Mitch Daniels on The Road to Serfdom. From the interview:
You’re a sitting governor [of Indiana], you’ve been an OMB [US Office of Management and Budget] director and you deal day to day with people who want to plan stuff – everything from zoning commissions to the legislature. How does this book inflect how you deal with that?
With humility and caution. I think I would say that this is something you’ll see in the Postrel book as well, probably in several of these books. They led me to a view that government clearly has to establish rails around certain behaviour and economic activity. But simplicity, clarity of the rules, a caution about over-prescriptiveness in how to achieve a certain outcome or prevent a certain externality from happening – I think I probably first saw a lot of that in Hayek.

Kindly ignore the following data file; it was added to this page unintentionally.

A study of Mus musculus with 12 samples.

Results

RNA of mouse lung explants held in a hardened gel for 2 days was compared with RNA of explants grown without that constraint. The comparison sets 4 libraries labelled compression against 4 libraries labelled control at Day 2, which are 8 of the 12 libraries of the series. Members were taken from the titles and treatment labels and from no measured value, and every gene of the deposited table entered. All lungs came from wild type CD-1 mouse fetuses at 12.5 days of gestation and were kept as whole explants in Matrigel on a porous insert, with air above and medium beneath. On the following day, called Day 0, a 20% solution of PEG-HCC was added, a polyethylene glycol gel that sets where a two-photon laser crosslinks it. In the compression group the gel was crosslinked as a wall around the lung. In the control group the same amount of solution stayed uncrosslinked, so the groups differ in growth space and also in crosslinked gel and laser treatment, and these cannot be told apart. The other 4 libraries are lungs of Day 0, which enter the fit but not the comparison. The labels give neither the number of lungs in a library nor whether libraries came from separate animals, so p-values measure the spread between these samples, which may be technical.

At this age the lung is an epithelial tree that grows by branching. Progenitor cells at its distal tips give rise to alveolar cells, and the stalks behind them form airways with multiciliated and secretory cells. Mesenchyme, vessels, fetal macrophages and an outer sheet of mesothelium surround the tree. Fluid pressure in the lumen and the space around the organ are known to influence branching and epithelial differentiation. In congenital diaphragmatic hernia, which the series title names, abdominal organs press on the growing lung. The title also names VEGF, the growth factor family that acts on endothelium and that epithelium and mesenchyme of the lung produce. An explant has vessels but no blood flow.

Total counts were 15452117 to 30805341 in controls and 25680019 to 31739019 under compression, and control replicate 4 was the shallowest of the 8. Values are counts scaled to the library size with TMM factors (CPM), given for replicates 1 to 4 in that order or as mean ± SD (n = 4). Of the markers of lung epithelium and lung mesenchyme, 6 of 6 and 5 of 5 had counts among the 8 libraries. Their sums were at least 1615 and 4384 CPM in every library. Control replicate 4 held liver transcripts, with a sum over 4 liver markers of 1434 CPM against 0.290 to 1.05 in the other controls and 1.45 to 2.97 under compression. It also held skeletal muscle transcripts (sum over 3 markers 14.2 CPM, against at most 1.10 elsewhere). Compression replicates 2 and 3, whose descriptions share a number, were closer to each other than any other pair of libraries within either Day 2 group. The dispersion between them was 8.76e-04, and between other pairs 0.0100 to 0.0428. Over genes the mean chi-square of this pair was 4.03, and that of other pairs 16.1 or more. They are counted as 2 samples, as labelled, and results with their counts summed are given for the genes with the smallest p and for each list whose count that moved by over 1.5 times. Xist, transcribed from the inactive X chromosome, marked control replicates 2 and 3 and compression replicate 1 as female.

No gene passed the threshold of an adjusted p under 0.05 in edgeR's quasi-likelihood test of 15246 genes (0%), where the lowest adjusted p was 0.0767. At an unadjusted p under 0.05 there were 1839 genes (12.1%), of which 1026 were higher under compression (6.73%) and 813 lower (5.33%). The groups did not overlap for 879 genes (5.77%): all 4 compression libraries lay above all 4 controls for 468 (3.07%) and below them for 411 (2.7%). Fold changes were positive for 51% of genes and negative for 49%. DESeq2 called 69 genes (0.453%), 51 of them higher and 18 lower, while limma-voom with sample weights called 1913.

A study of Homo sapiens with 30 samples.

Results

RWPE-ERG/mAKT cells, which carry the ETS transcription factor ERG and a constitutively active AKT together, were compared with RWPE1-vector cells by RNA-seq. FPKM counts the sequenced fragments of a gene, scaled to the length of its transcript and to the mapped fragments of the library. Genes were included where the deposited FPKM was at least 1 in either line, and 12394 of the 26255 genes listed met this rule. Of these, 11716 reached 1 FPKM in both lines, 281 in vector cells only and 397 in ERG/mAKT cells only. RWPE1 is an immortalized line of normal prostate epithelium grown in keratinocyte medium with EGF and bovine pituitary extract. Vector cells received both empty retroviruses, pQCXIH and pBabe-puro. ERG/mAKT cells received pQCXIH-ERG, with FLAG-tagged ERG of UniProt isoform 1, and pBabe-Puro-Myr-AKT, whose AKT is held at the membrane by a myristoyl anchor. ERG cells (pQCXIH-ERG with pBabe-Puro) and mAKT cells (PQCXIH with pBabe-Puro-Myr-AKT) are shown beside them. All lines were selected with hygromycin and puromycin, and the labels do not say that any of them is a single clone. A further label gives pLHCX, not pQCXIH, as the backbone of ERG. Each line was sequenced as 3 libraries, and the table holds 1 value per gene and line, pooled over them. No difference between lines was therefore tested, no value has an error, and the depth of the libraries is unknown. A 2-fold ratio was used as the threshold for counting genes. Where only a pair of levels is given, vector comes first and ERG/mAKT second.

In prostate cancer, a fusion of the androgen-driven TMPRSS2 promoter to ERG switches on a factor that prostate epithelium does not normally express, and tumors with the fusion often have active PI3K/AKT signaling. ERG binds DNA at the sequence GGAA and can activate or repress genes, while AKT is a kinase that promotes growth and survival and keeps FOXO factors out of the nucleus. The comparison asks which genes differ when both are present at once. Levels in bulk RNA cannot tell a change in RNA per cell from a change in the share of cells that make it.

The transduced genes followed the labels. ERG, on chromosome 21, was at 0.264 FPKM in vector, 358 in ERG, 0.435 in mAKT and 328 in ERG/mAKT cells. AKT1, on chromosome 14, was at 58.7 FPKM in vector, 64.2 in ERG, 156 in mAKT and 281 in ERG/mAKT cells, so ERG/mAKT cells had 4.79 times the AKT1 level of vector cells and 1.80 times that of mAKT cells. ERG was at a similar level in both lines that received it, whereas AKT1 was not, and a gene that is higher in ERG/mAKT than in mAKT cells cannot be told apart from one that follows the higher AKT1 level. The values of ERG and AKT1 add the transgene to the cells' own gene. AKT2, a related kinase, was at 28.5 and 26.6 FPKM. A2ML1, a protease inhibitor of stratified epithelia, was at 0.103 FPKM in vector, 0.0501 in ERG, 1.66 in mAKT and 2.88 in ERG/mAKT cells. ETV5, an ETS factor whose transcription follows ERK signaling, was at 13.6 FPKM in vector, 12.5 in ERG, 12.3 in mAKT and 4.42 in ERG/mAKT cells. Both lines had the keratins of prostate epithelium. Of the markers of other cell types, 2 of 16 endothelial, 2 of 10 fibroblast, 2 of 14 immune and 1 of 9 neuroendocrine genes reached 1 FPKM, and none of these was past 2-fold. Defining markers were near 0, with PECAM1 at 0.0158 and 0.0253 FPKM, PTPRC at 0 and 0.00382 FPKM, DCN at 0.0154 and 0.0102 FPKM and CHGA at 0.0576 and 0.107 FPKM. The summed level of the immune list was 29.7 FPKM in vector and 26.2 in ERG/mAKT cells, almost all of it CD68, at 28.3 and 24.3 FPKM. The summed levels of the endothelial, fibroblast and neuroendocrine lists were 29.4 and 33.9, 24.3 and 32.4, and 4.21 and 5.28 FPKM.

For instance, I remember my first day on this job. We did a ton of things, we wanted to emphasise that a lot of change was afoot. But I went over to see our biggest regulatory agency – we had hundreds of people in the room or on the phone. It was an environmental management agency and I told them then, and I’ve told them since, that we did not intend to weaken or moderate a single rule that I knew of, in terms of environmental standards. But I said that what we were determined to do was to make regulation consistent, predictable and quick. We worked very hard on that. We measured to see if we were getting there. So I guess that, if you say, correctly, that this job involves overseeing necessary regulatory activity, that mentality came in some part from books like Hayek’s.